Billers work hard to collect the reimbursements to which clinicians are entitled and healthcare insurance providers work equally hard to delay or reduce those payments.
It requires more data, phone calls and effort on the part of billers to collect even basic amounts. In this revealing article, Nitin Chhoda examines the insurance game and how to be on the winning side.
As a result, insurance companies have reduced the amounts they pay medical providers for services, have become inventive at delaying reimbursements, and adept at utilizing a variety of techniques to deny payments.
Reasons for rejections come in many forms and electronic medical record (EMR) software is the first step in combating short or rejected payments. The software systems transmit claims electronically, ensuring they arrive at clearinghouses promptly and provide billers with an ongoing status record of each claim submitted.
EMRs can detect potential problems that could result in a rejection, allowing billers to submit clean claims that are processed quickly. The systems aid billers in submitting the appropriate forms to the correct clearinghouse and alert billers when a claim has been accepted or rejected. EMRs provide billers with a complete system for claim management.
Learning the Ropes
The techniques used by insurance companies to deny claims or pay at lesser rates are designed to keep money in their coffers for as long as possible. Quick submissions combined with meticulous documentation are essential when submitting claims and disputing rejections.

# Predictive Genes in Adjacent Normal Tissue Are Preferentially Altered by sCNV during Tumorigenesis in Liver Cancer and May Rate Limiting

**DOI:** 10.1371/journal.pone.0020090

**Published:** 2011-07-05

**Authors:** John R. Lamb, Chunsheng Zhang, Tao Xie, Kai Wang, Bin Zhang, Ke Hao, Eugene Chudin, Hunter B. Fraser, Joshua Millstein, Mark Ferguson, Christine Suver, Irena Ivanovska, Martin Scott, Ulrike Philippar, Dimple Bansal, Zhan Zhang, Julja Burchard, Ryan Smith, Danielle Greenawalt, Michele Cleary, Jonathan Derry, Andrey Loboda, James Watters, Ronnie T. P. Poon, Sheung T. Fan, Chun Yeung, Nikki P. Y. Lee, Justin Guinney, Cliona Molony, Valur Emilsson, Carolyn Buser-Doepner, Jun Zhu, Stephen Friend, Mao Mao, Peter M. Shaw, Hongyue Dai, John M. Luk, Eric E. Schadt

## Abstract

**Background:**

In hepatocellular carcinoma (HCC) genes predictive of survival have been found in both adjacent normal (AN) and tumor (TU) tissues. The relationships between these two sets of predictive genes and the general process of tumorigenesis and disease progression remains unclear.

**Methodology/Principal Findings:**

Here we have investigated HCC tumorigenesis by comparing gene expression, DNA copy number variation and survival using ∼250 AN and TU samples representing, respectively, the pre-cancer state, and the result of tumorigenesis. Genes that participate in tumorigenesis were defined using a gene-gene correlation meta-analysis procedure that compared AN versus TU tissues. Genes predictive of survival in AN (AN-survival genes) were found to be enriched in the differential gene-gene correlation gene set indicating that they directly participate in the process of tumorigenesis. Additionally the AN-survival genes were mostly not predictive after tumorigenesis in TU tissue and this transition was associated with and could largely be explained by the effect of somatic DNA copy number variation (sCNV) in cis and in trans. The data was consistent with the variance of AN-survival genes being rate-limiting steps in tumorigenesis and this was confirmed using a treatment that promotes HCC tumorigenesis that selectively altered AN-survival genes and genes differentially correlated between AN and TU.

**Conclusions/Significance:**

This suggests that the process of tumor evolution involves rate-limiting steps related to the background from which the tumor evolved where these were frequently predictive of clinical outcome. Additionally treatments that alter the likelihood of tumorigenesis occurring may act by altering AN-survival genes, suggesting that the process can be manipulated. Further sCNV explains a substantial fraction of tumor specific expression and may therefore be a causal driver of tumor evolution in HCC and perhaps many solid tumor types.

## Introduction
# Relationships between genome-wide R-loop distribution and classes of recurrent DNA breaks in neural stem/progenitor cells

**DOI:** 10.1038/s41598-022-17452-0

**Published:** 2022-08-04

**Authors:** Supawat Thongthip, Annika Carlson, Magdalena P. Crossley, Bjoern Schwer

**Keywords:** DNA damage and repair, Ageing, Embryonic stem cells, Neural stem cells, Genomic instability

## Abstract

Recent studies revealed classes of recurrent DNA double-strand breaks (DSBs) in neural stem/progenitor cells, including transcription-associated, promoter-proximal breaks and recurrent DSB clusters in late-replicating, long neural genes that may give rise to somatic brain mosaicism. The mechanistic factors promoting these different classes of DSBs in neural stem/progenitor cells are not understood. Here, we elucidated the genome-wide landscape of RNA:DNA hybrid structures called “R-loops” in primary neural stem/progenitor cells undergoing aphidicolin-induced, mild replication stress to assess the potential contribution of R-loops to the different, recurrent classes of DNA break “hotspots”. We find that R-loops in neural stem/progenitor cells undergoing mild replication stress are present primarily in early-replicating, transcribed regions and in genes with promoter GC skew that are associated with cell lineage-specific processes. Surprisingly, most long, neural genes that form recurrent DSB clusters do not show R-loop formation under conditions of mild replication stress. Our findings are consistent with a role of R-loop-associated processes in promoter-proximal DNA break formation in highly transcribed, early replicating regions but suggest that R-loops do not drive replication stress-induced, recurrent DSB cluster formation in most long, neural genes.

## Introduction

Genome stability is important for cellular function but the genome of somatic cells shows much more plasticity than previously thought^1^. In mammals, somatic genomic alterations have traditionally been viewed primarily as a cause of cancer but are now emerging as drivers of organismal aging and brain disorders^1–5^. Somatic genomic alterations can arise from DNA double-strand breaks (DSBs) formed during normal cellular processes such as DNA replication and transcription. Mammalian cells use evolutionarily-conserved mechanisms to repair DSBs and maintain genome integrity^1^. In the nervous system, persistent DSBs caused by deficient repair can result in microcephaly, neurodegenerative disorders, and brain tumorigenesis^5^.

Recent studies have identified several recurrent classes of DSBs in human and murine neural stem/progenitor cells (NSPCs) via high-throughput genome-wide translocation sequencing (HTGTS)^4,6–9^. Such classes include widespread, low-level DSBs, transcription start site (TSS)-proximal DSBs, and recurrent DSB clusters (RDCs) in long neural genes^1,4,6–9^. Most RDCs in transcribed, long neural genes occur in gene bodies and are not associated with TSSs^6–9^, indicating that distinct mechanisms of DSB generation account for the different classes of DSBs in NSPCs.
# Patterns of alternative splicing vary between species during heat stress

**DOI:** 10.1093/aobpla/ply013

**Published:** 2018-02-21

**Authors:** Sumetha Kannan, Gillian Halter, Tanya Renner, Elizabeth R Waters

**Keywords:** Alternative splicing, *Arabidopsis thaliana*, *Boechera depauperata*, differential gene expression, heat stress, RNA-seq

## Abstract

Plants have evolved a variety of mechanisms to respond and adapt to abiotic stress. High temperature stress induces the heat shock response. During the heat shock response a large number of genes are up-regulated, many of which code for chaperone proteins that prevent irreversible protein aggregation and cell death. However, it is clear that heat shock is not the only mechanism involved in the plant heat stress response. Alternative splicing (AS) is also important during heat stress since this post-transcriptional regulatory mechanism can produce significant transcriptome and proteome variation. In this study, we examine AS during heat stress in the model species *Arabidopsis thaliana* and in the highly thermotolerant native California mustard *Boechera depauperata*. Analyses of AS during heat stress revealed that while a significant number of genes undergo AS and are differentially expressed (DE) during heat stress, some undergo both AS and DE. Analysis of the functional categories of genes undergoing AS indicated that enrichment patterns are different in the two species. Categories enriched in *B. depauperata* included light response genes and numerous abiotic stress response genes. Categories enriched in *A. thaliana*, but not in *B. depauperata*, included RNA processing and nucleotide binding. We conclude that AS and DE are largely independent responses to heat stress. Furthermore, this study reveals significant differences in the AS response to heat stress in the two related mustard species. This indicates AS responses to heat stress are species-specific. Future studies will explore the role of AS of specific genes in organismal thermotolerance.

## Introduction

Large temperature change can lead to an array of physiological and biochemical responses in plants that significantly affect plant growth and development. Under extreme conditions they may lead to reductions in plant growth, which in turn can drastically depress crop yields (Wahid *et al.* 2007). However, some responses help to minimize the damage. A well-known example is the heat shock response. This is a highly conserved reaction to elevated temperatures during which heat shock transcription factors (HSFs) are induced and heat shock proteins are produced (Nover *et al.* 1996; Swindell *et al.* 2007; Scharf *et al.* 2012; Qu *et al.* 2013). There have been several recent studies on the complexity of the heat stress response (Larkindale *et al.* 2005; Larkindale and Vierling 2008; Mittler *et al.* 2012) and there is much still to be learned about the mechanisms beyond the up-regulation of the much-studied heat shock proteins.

Collecting full and timely payments is much like a cat and mouse game, but billers that learn the “rules” are able to collect reimbursements quickly and cleanly that requires a minimum of follow-up.
Winning the Insurance Game
Dealing with insurance companies isn’t for the faint of heart. Denials can be issued for legitimate reasons, such as using the wrong form, not including sufficient documentation, a clerical error or a glitch in clearinghouse software. Organization and quick attention to denials often result in a successful conclusion.
Billers must submit claims within 72 hours whenever possible. If the problem is insufficient payment, an error can be corrected and the claim resubmitted. It’s important that the payer is aware that the claim isn’t a duplicate.
Submit documentation to specify what the error was and the correction. Another beneficial tactic is to submit claims ranked by charges and don’t include documentation unless asked. The needed information is included in the claim.
Policy holders expect their insurance company to pay for appropriate expenses and not leave them holding the bag. Unhappy customers talk to others and insurance companies don’t want to lose clients.
Quick medical billing claim submissions, EMRs and enlisting the assistance of patients are legitimate means of winning the reimbursement game with insurance companies that procrastinate and underpay. In most situations, the payer holds all the cards, but billers can turn the tables and make the payer’s pain the clinician’s gain.